By Emma Castleberry
Carolina Resource Center for Eating Disorders (CRC for ED) began in 2004 as T.H.E. Center for Disordered Eating. What started as a volunteer task force committed to eating disorder recovery support has grown into a 501(c)3 nonprofit that serves multiple counties in Western North Carolina with a board, staff, committees and licensed support group facilitators, as well as a network of clinicians, treatment center partners, corporate sponsors and a growing community of volunteers and donors. “While much of our impact is in WNC, our reach often extends through and beyond North Carolina,” says executive director Simone Seitz. “CRC for ED is the only nonprofit advocate in our state committed to the fight against eating disorders and to providing a safe space, community and free services for those who are affected.”
Seitz says that most people are highly likely to know someone who is affected by this struggle. “Eating disorders are not a choice—they are 50 to 80 percent genetically based,” she says. “They do not discriminate between age, gender, race, class, sexual orientation or ethnic group, and you cannot tell if someone is struggling with disordered eating or an eating disorder on the basis of appearance. With awareness, we can all help people with disordered eating behaviors live more freely and help prevent full-blown eating disorders.”
One way CRC for ED provides this support is through educational programming that includes community outreach and professional development. “We present to schools, community groups, professional and clinical associations, wellness and fitness programs, healthcare practices and social service agencies about how to aid in prevention and what resources are available,” says Seitz. In February, the National Eating Disorders Association hosts NEDAwareness Week. In culmination of its events during this week, CRC for ED hosts the HEAL Conference: a full day of networking and presentations on cutting-edge approaches to disordered eating and recovery.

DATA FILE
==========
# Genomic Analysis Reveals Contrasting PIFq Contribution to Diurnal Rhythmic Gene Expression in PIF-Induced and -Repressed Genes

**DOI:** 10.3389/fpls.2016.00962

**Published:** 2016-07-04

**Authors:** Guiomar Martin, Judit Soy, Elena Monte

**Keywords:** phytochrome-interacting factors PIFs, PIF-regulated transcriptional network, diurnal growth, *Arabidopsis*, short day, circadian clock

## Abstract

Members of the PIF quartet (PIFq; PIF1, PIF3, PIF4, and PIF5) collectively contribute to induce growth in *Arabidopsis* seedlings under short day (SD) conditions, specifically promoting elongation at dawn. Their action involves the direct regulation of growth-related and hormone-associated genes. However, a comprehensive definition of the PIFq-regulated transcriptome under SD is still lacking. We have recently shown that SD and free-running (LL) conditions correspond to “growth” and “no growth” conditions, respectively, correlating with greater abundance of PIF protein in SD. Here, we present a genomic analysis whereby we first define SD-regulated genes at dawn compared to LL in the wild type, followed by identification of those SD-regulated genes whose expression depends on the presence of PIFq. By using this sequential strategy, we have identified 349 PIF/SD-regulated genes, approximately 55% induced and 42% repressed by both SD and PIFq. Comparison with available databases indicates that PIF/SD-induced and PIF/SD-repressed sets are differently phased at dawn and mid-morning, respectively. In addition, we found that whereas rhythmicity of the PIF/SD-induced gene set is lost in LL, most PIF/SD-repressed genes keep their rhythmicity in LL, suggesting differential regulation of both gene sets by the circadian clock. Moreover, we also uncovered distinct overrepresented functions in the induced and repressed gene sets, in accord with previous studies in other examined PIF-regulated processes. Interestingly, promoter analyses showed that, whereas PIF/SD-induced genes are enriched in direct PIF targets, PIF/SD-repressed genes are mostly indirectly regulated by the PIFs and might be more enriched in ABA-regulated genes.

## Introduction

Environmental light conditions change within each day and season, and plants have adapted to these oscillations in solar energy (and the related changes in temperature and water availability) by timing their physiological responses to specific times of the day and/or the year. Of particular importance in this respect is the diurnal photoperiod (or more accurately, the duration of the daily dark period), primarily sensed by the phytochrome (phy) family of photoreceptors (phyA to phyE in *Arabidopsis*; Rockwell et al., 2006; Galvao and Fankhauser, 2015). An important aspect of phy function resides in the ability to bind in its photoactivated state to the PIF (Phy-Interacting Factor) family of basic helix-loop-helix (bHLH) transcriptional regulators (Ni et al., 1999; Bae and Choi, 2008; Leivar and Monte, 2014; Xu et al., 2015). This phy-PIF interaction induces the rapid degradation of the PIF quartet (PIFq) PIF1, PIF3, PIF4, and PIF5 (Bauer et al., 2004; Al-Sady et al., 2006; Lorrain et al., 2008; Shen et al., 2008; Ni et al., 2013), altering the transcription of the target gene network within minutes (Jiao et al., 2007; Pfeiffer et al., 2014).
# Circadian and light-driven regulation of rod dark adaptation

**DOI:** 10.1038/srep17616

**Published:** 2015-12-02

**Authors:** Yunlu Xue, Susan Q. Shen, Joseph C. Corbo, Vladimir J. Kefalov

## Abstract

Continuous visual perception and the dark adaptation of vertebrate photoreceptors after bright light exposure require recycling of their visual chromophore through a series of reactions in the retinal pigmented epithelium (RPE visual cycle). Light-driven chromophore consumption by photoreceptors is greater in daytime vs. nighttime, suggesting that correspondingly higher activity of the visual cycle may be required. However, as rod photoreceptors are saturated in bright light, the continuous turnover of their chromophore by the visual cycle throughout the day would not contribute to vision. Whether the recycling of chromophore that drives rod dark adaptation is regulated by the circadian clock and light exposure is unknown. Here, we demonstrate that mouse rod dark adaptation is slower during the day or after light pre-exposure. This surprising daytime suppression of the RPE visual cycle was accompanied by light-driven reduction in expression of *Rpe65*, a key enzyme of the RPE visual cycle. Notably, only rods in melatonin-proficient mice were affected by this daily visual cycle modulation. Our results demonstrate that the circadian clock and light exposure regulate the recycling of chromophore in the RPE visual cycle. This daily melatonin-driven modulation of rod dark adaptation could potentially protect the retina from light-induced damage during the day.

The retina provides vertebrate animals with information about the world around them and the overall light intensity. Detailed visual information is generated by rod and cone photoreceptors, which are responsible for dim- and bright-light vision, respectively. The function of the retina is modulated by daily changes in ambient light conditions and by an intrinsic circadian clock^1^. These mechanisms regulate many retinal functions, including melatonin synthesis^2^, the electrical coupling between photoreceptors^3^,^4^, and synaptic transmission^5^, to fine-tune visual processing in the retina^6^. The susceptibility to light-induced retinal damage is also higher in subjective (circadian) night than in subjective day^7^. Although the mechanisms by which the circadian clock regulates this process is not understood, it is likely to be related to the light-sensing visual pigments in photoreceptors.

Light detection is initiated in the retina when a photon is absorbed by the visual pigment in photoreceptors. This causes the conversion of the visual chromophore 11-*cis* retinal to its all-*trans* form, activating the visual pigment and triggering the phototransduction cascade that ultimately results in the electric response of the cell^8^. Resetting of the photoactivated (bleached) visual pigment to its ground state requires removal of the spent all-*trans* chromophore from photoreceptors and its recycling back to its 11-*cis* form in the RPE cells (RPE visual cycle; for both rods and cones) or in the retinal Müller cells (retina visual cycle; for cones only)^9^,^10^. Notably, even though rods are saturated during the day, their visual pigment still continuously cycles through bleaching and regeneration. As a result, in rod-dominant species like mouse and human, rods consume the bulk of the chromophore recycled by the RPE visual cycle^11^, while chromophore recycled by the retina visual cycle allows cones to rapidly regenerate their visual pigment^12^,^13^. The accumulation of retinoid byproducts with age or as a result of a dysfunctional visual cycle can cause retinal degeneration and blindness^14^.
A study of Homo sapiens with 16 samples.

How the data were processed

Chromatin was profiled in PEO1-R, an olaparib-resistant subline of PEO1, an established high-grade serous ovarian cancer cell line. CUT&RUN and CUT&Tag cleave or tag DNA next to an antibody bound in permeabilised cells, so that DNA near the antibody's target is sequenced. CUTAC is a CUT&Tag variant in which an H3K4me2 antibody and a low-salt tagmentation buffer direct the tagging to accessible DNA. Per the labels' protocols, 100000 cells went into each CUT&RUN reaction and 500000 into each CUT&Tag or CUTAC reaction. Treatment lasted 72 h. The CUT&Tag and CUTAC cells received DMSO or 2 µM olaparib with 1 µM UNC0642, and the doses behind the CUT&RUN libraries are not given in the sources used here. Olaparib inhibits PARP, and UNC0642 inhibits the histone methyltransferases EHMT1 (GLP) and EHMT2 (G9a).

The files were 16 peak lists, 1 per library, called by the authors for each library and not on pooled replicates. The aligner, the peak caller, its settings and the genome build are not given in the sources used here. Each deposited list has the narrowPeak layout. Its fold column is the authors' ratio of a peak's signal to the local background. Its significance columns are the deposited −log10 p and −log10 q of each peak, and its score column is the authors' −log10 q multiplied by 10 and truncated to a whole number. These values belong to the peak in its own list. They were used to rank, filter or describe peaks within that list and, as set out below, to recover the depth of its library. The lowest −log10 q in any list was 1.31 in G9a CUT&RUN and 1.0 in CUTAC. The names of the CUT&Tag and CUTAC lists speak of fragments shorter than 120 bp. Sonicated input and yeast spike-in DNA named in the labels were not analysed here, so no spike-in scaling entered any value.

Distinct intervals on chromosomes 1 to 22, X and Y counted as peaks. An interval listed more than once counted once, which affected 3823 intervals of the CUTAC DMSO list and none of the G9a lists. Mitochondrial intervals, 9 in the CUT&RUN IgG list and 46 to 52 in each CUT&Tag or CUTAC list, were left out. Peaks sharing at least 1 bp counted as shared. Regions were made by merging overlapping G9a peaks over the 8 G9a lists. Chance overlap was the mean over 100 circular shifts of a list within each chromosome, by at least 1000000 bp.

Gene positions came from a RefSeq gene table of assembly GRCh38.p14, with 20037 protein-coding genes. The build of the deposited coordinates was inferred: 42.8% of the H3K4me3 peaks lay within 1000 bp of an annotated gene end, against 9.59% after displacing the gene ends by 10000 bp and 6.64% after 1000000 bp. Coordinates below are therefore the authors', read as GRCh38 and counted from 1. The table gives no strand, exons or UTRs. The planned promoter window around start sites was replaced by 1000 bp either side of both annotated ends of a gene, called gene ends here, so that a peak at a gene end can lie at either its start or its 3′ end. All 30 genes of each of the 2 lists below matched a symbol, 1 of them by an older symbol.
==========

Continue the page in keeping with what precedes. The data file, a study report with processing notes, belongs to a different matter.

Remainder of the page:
While the organization places a heavy emphasis on education and prevention, it also provides a free helpline, support groups and other resources to those already struggling with disordered eating. “While it is vital to bring awareness about eating, exercise and body image issues in an effort to get on the front end of this illness, it is also so important to provide access to support for those impacted,” says Seitz.
Dr. Martine Jones joined the CRC for ED professional member network a year and a half ago. As a professional, Jones says the networking support with other clinicians and the trainings provided by the organization have been highly valuable. “I think that people who struggle with eating disorders often feel isolated and lost, and they don’t know where to start when they are finally ready to get support,” she says. “CRC for ED enables them to go to one organization and get all of their questions answered. They can find local and national support all in one place, and they know that they will be talking to people who have compassion for their struggle.”
A person in recovery, who agreed to speak on the condition of anonymity, started attending CRC for ED support groups while she was in intensive outpatient treatment for her eating disorder. She also volunteers with the organization and attends conferences and events. “They not only give direct support to those suffering from eating disorders, but also to those impacted in other ways such as family members, friends and professionals,” she says. “CRC for ED is concerned with supporting all those affected by eating disorders and gives what is often the first glimmer of hope for recovery.”